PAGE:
109 Conner Drive, Suite 1200
Wilshire I Building

Chapel Hill, NC 27514

Telephone: (919) 967-8805

Fax: (919) 967-8205

Many Approaches to Medication

Years ago, before the advent of mass scale drug manufacturing, compounding medications was the backbone of a pharmaceutical practice, integrating art and science into the preparation of medications.

Pharmacist Zoe Stefanadis, owner of Chapel Hill Compounding, is often involved in every step in compounding drugs for a variety of purposes.

“Compounding can be viewed as a manifold approach to medication, taking care of patients who would otherwise fall between the cracks of traditional medicine,” notes Pharmacist Zoe Stefanadis, owner of Chapel Hill Compounding.

The goal in com-pounding, she explains, “is always to address the unique needs of a patient—to make their medication effective. That could mean creating a more palatable medicine, one that avoids side effects, or one that delivers the drug more efficiently. So, we change flavors, textures, and dosages. And we look for options for transmitting the drug that are most effective.

“We can compound almost anything,” she says, “for patients from birth to old age, as well as pets. Examples include bio-identical hormone replacement therapy, veterinary medications, hospice medications, pediatric formulations, dental, dermatologic, chronic pain medications, medications for infertility, wound therapy, sports medicine, podiatry—and more.”

Compounding for Children

“I once was called upon to support a two-year old child who’d had a liver transplant,” Ms. Stefanadis recalls. “Following surgery there was a good deal of pain and anxiety for both child and parents. We needed highly specialized medications to help this child—and his parents—through the trauma of this event: exactly the right medications in exactly the right strengths, delivered in exactly the right way. And this was only available through compounding.

“Often prescriptions are not available in the dosages that a child needs. Children are generally dosed on a ‘milligram-per-kilogram’ basis until the age of about 12 or a weight of 40kg or more; and dosages can change every three months due to weight gain. It’s all about volume, flavor, and texture for children, and all children do not like the same thing. It’s very individualized and the beauty of compounding is that we can treat that one individual.

 Helping Memory, Avoiding Side Effects, Treating Pets

“Frequently we’re asked to make a compound for people who have trouble remembering to take their meds. We include additives to slow the release of active ingredients to where their effect may linger. A perfect example is T3, a thyroid medication, which has a very short half-life. Some people say this drug makes them crash; they take their morning dose at 8:00 and by 3:00 they’re ready to lie down. So we’ll add a slow release to extend the effect of the T3 so patients can make it to the nightly news. It may also reduce unwanted side effects. For example, a patient may need to be on a higher dose of T3, but that causes heart palpitations. By adding the slow release, it helps them tolerate the required dose, avoiding the unwanted side effects.”

Another example of problematic side effects is that some people with congestive heart failure and high blood pressure may not be able to take NSAIDs (non-steroidal anti-inflammatory drugs), which tend to increase blood pressure. “For the patient with congestive heart failure,” she explains, “NSAIDs can have an impact on kidney function. But we can avoid that problem with a transdermal application—where the therapeutic affect is localized and we avoid systemic absorption by absorption through the skin. This makes the patient pain-free by reducing inflammation.”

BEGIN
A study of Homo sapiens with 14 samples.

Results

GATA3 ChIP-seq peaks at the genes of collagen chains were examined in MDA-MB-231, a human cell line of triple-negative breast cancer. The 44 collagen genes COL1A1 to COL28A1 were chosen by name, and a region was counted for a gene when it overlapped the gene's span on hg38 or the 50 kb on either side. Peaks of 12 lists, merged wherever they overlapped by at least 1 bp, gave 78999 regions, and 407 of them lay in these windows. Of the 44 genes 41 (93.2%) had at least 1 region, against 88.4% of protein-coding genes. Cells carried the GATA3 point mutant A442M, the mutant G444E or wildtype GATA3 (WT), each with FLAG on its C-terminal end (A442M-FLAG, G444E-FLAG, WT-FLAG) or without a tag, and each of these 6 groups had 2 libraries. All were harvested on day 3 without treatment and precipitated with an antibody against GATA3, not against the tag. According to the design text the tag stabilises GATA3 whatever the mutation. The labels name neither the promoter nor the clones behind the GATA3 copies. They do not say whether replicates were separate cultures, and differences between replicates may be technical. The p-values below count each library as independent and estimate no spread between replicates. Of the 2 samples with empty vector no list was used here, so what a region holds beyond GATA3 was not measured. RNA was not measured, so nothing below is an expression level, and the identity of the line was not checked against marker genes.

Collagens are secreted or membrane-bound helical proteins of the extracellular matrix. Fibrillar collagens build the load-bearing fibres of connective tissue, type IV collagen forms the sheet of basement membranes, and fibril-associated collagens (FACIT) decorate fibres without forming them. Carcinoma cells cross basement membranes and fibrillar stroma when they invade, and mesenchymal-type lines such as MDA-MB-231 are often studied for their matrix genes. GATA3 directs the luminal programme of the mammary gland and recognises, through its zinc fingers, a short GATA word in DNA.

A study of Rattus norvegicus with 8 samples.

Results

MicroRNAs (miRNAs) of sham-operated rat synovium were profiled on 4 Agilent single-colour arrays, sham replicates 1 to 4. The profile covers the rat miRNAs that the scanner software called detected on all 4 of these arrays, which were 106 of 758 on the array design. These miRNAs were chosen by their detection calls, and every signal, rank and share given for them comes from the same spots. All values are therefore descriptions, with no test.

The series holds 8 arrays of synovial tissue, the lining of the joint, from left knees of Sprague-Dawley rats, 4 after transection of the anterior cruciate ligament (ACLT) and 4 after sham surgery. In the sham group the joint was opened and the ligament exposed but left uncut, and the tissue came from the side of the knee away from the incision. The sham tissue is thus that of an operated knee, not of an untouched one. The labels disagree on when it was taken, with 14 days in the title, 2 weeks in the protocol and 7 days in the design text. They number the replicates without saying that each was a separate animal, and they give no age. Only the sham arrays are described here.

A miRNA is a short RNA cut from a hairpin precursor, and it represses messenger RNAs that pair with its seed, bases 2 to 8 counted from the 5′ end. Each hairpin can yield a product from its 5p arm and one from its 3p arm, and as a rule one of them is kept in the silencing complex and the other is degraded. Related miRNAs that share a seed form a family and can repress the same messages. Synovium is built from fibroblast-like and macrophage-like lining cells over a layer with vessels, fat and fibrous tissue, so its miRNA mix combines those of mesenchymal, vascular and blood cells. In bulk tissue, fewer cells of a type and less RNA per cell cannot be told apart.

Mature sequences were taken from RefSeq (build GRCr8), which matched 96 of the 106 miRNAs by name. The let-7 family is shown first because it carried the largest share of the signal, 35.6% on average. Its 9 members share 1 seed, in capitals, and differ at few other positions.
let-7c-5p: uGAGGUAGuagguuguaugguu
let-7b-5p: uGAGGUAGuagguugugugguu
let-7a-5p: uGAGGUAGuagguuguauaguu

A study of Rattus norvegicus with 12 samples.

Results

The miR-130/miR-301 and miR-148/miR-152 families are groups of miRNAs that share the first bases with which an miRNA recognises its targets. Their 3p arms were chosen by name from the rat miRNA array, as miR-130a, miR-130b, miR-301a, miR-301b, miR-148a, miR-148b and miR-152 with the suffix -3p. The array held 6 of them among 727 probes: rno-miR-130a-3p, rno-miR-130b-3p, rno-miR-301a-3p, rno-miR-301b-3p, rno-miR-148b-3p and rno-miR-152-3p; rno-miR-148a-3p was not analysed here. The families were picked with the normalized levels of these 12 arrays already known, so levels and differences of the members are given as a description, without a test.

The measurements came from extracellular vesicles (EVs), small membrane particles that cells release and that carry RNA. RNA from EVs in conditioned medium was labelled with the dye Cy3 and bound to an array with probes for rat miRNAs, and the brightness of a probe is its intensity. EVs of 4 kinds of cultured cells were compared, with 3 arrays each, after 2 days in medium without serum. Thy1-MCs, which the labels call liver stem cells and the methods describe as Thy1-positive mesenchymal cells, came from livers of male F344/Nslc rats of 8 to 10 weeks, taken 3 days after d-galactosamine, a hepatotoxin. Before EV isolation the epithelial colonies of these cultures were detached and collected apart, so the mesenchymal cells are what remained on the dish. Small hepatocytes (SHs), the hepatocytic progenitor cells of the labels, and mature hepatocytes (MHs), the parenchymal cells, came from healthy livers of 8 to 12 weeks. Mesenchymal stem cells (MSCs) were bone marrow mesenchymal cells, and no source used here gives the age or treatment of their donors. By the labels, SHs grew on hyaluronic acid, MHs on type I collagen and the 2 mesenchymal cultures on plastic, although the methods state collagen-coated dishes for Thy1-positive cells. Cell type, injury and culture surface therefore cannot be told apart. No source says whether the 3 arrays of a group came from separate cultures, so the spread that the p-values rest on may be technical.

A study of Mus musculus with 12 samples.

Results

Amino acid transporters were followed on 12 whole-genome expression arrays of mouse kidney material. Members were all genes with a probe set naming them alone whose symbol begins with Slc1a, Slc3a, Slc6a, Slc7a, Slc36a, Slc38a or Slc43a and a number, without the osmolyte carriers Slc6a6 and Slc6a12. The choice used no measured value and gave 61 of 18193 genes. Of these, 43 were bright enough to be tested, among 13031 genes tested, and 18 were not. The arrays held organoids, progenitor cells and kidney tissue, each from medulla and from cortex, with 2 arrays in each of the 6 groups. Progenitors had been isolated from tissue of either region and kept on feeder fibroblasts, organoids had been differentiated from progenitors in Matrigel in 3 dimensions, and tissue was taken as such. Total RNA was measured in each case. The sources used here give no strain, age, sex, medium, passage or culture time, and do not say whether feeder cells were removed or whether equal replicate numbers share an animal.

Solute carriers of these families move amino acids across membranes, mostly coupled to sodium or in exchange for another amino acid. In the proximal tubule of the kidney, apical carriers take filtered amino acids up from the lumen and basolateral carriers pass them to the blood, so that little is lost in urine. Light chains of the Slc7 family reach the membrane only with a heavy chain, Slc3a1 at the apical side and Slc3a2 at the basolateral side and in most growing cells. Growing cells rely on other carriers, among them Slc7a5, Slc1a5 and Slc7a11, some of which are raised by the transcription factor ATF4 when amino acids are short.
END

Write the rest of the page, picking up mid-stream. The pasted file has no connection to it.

Timing can also alleviate side effects, she notes. “Occasionally we need to accelerate the effect of a drug, by going straight to the affected site. That’s where transdermal meds help a lot, especially with pain. If you take something orally, it has to travel through the body, be absorbed, or go through the blood-brain barrier before it starts acting. An example might be baclofen or cyclobenzaprine for muscle spasms, which make people very drowsy. When you apply it to the skin, you bypass that systemic effect and also the brain, so the patient isn’t drowsy.”

Perhaps one of the most common needs for compounding is medicine for pets. “There’s a steadily increasing demand for compounded medications coming from veterinarians in the area,” Ms. Stefanadis notes. “And any cat owner who has tried to put a pill down a cat’s throat can understand it. We can compound a fish-flavored fixed oil suspension or a transdermal medication that is rubbed into the inside of the cat’s ear. Most cats like having their ears rubbed anyway and it’s a very effective and very peaceful type of application.”

‘Is It Possible?’

“I get inquiries from physicians and patients almost daily asking, ‘Is this possible?’ And usually it is. We recently received a request from a local allergist to encapsulate peanut flour—an unusual request and something I’d never done before. This allergist is desensitizing children from peanut and nut tree allergies by starting the children on really low doses and building up their doses to the point that they’re desensitized.

“But we do have limitations in what we’re able to do. A physician who heard about transdermal medication for treating pain recently asked me if we could include about 15 different drugs in one transdermal medication. I explained to him, ‘I’m sorry, but that’s just not possible. You’ve asked me to take 150 people and put them in a Volkswagen and drive them over a bridge.’  It’s important to understand the amount of ‘vehicle’ that’s needed to transport chemicals through the skin. Some drugs may have very big molecules and may not be able to be absorbed through the skin very well.”